Every day, our news channels and Social Media pages are filled with stories which could make us angry. There are many viewpoints expressed on big political issues, and it can leave us wondering if it is possible to have a sensible discussion when we disagree with someone.
So, is it possible as Christians to remain friends with people with whom we disagree?
I think the answer is simple: yes! But it takes wisdom and discernment to find a way through.
In a time of tension, I thought I would share some practical tips.
Be intentional and attentive.
My wife says I sometimes have ‘selective listening’, and in any political discussion, it is true that we often only hear what we want to hear. If we are debating an issue with a friend, we have to make time to be intentional in the questions we ask and also to be attentive. When we pay attention and really listen, we are able to hear not just the words that are being spoken, but what our friend is actually saying.
This is an old word now, but to ‘crusade’ means to be part of a vigorous campaign for political, social, or religious change. When talking to friends, we can be guilty of this. We might have strong views on a subject, but our chief objective is to try and get them to ‘join our camp’ and change their views rather than have an honest discussion. When we stop trying to persuade others to our way of thinking, we open ourselves up to understanding their views.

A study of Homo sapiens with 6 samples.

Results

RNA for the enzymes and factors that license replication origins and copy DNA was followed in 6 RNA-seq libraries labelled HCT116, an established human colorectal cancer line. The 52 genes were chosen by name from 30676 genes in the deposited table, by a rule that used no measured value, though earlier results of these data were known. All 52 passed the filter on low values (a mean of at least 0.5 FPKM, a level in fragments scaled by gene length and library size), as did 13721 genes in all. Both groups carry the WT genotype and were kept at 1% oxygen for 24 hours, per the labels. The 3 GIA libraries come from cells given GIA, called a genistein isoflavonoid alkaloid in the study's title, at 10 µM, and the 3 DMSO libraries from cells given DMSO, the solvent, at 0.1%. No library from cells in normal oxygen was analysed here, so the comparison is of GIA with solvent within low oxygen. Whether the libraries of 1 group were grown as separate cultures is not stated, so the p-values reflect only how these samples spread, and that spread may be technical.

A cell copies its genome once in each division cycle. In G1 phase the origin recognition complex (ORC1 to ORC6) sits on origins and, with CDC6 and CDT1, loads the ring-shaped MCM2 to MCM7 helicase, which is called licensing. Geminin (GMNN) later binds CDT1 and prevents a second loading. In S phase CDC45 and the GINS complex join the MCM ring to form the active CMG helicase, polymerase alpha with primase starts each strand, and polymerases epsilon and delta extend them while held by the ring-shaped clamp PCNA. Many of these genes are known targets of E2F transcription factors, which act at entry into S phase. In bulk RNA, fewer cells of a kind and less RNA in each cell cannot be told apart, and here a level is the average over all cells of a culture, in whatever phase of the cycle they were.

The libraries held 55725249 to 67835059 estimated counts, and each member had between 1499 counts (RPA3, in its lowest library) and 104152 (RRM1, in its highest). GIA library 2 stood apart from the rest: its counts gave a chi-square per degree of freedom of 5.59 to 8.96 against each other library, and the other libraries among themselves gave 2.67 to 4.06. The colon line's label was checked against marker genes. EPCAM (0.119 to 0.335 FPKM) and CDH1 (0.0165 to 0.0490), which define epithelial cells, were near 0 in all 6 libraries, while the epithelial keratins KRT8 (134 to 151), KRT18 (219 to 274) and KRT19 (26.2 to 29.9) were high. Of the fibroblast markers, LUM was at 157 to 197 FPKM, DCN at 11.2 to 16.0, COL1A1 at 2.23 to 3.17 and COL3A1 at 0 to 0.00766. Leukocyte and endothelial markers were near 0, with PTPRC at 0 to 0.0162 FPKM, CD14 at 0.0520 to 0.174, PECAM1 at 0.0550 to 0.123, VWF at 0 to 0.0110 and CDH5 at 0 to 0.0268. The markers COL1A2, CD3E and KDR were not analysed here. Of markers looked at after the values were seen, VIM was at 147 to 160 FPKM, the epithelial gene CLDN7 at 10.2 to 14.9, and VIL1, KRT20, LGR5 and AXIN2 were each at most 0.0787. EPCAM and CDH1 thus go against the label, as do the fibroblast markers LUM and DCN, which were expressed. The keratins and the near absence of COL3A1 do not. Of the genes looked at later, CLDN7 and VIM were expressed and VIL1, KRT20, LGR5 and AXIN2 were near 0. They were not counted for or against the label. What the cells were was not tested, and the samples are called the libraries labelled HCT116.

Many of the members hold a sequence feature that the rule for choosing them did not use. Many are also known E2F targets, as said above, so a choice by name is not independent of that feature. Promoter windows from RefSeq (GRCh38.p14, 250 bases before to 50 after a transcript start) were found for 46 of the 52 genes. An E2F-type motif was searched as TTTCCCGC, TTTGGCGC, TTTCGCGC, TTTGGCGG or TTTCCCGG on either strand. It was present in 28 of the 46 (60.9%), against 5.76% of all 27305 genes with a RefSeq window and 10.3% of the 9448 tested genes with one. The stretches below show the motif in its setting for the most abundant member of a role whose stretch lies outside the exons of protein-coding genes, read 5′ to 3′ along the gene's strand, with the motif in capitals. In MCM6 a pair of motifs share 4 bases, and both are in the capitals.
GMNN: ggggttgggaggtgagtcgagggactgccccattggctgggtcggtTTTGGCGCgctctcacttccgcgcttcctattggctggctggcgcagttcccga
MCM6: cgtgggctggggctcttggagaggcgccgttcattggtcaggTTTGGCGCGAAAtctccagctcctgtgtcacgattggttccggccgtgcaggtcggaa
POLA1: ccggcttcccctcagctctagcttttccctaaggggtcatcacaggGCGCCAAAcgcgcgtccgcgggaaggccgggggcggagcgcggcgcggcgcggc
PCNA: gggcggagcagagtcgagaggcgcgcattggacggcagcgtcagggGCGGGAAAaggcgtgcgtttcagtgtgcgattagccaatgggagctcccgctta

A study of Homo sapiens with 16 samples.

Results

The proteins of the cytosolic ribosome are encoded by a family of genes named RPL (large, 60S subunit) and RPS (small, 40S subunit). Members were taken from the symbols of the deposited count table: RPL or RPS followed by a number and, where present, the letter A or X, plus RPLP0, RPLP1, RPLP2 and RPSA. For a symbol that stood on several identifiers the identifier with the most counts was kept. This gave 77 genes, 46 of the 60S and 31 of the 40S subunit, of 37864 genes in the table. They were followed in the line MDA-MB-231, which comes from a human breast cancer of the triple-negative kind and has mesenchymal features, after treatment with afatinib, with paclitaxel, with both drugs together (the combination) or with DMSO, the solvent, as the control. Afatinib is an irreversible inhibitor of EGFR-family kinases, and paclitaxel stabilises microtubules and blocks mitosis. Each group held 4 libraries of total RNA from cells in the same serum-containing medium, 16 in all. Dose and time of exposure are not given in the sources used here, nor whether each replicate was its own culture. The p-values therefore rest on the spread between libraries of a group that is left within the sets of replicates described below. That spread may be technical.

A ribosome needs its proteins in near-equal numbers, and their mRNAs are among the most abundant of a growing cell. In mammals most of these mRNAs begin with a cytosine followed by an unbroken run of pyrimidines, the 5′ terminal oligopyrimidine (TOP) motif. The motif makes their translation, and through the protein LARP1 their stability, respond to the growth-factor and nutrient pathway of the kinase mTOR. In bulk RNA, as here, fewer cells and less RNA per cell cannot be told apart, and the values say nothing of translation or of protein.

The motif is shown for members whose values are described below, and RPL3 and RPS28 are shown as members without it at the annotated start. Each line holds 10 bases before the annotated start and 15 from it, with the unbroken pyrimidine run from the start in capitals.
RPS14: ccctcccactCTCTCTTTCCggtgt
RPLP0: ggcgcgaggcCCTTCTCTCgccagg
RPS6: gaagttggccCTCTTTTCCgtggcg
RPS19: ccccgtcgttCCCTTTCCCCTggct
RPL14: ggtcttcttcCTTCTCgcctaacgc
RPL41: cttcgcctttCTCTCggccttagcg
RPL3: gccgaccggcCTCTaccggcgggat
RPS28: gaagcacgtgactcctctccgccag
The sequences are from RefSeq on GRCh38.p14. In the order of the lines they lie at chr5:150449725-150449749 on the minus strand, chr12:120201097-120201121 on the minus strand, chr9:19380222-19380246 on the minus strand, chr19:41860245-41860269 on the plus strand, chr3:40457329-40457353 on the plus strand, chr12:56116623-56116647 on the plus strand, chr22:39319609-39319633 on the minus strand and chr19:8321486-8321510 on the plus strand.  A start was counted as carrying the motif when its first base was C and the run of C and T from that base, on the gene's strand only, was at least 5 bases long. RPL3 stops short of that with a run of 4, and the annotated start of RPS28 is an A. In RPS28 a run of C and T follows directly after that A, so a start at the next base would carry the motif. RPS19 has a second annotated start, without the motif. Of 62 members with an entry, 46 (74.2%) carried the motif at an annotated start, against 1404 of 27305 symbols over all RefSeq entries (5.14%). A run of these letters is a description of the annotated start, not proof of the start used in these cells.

Relationships over winning.
This is an important question to ask ourselves in any discussion: what is more important to me? The relationship I have with my friend or ‘winning’? It’s important to remember that in many senses, our friends’ views are sometimes a reflection of their identity. So when we try to ‘win’, they might see it as a rejection of themselves as a person. If we score our friendship highly and want it to remain in place, then we should always choose relationships over winning.
Beware of Social Media.
I personally do not share political or controversial posts on Social Media. There are a few reasons for this, but one reason is that I do not want to be defined as a person who cannot have a reasonable discussion. I would far rather talk about big issues around a dinner table where people can understand my heart and passion. On a screen (where many others can see), it is very easy to misunderstand what a person means, so I avoid anything like that.
Agree to disagree.
Sometimes, if we feel ourselves getting emotional or angry, we need to have the courage to walk away from the conversation. It is good to ask yourself the question: where is this conversation going? Is it leading to a good resolution? Or is it leading to more anger and upset? We have to be able to agree to disagree.
So, in answer to the question, is it possible to remain friends with people with whom we have differences, then I would go back to where I started and say a firm ‘yes’. As always, we need to apply wisdom and kindness, and above all, let us put our relationships first.